Exploring the benefits of “protected cropping”

Exploring the benefi ts of “protected cropping”
Elanza Fresh has established New Zealand’s largest intensive indoor berry and fruit nursery to produce high value crops which are traditionally grown outdoors.

New Zealand’s largest intensive indoor berry and fruit nursery, Elanza Fresh, has been established to produce high value crops traditionally grown outdoors.
Set up by David Saunders on the site of the former Greenhouse Park at Aongetete in the Bay of Plenty, Elanza Fresh now features a wide range of crops being trialled and grown for what he calls “protected cropping”.
These range from berry-fruit (with emphasis on blackberries, blueberries and raspberries), summerfruit including cherries, persimmons, table grapes and figs.
Elanza Fresh has five key divisions; plant breeding, focusing on berry-fruit; crop development headed by David’s wife, Carmo, who has a PhD in wine grape science; a plant nursery, supplying plants to Elanza Fresh clients; and a production unit and a market development programme which are targeted at both local and export markets.
A visit and walk around the farm is the best way to garner a sense of the scale of the operation, the value of the enterprise, the technologies being employed and the challenges that go with converting the former hot-house market garden.
The “nerve-centre” on the farm is a building housing three large vats, supplying a cocktail of liquid food through the wireless Autogrow system to the thousands of plants each growing in their own pumice filled pot. While persimmons and cherries are all exported, figs are sold locally as well as off-shore.
“This has got to be one of the windiest areas to grow on with the Kaimai Hills just west,” says David.
He says the protected cropping approach brings significant benefits, including higher, predictable yields of consistent higher quality, production over extended periods and lower resource utilisation in terms of water, nutrients and sprays.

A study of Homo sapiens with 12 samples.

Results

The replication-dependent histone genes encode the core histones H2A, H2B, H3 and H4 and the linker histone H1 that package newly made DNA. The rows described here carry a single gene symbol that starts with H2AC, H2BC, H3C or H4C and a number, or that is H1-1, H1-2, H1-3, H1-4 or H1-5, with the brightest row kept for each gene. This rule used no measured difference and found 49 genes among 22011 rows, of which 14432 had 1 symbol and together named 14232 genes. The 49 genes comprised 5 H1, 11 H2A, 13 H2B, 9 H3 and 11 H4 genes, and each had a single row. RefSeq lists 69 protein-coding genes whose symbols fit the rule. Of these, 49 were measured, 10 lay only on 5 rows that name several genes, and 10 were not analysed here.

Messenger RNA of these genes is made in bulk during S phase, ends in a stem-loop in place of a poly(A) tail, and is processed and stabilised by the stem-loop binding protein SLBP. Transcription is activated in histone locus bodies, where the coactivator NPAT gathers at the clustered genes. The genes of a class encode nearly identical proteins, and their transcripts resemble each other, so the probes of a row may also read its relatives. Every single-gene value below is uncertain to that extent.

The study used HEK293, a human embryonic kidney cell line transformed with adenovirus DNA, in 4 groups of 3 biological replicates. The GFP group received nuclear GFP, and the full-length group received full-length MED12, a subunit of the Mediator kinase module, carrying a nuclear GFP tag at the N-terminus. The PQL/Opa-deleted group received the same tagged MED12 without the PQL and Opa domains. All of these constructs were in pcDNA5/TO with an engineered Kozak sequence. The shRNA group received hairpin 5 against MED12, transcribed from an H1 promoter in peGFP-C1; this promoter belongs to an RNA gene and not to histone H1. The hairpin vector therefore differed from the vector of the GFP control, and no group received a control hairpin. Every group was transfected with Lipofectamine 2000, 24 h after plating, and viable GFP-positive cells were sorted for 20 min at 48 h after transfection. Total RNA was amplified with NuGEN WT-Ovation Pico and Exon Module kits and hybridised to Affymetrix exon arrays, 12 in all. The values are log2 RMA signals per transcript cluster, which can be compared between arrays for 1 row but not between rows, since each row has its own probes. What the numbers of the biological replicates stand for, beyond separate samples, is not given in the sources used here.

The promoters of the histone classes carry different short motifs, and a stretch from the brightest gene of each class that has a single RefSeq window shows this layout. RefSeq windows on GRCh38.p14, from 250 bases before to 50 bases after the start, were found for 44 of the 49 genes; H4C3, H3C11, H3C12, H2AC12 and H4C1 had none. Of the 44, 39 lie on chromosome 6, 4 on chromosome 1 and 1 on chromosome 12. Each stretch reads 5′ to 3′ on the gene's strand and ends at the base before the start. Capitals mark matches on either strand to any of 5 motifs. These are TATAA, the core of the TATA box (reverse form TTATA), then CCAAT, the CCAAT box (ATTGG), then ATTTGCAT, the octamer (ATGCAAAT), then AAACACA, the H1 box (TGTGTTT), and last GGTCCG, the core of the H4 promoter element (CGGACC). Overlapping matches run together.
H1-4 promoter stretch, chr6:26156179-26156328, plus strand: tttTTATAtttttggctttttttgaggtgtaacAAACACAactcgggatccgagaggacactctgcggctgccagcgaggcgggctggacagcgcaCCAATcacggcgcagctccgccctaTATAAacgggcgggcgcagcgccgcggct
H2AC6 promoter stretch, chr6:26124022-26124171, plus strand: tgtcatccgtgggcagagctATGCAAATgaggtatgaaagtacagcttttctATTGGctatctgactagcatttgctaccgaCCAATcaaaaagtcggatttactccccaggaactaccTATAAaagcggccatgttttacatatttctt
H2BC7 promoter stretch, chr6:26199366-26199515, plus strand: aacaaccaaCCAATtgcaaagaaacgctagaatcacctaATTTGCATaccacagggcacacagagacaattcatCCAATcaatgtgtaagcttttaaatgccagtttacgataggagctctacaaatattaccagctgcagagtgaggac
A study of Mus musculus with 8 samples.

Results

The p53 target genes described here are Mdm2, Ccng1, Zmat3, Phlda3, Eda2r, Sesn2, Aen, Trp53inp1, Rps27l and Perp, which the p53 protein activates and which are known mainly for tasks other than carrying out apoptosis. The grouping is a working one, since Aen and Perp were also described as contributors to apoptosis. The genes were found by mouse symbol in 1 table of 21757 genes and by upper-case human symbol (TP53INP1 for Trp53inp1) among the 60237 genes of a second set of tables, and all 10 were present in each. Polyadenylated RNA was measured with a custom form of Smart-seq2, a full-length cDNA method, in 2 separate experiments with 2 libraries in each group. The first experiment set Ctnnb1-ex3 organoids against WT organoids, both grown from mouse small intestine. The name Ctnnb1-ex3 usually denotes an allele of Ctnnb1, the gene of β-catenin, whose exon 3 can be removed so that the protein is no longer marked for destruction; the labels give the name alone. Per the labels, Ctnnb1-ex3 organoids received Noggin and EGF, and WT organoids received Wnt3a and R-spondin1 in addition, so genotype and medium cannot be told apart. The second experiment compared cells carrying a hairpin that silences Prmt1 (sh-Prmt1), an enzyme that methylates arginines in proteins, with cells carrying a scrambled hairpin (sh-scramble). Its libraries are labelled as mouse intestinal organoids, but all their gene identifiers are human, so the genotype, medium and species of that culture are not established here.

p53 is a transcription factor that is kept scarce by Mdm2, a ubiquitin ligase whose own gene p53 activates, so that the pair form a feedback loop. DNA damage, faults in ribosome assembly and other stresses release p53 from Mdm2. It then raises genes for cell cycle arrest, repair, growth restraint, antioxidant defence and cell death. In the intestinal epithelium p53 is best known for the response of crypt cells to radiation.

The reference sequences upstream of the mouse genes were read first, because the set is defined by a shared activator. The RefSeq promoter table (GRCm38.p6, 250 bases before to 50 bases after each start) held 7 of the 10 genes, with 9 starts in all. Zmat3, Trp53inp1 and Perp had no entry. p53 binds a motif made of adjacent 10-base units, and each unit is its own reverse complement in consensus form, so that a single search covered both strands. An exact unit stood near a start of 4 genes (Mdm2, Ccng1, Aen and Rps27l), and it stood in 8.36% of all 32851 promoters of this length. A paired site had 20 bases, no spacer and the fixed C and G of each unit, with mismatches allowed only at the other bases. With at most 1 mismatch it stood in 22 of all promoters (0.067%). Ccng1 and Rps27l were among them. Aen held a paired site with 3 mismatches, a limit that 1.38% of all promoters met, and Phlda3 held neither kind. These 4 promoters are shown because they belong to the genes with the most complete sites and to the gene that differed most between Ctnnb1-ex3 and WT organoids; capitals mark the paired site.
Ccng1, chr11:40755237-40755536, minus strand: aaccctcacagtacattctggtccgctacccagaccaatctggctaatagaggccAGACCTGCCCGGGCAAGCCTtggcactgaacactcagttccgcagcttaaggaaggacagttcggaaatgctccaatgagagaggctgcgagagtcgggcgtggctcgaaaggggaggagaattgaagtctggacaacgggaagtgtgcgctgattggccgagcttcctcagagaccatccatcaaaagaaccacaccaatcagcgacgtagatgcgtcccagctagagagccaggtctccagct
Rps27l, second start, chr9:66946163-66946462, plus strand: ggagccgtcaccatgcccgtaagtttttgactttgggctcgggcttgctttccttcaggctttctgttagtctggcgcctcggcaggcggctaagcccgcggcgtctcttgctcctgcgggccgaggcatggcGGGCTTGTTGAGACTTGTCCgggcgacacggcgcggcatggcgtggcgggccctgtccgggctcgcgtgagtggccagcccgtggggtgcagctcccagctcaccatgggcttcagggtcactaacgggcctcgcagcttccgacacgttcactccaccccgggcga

“There’s the potential to have a low environmental impact in that water and nutrients can be recycled and minimal spray drift given the crops are all enclosed,” David explains. He says that while protected cropping is not new, it is “relatively new” to New Zealand.
“It’s been a common practice in countries such as Spain for many years. What is interesting is that the use of high tunnels (Spanish tunnels) were mainly developed to conserve water.” He says there are two main reasons for developing protected cropping in New Zealand.
“Consumers are increasingly seeking products of high, consistent quality on a year-round basis, and optimisation of resource utilisation, specifically water, light, heat and nutrients.”
Another advantage in using protected cropping is that crop production is independent of soil type and there is no need to use elite soils.
“It is our view that water, in particular, will become an increasingly valuable and scarce resource and the times where we could treat it with scarce respect, both in terms of extraction and discharge, are gone.”
David says one major constraint is labour, with an increasing demand for highly educated, technically and IT literate people. “This is a technology hungry industry where the main limitation to performance is knowledge.”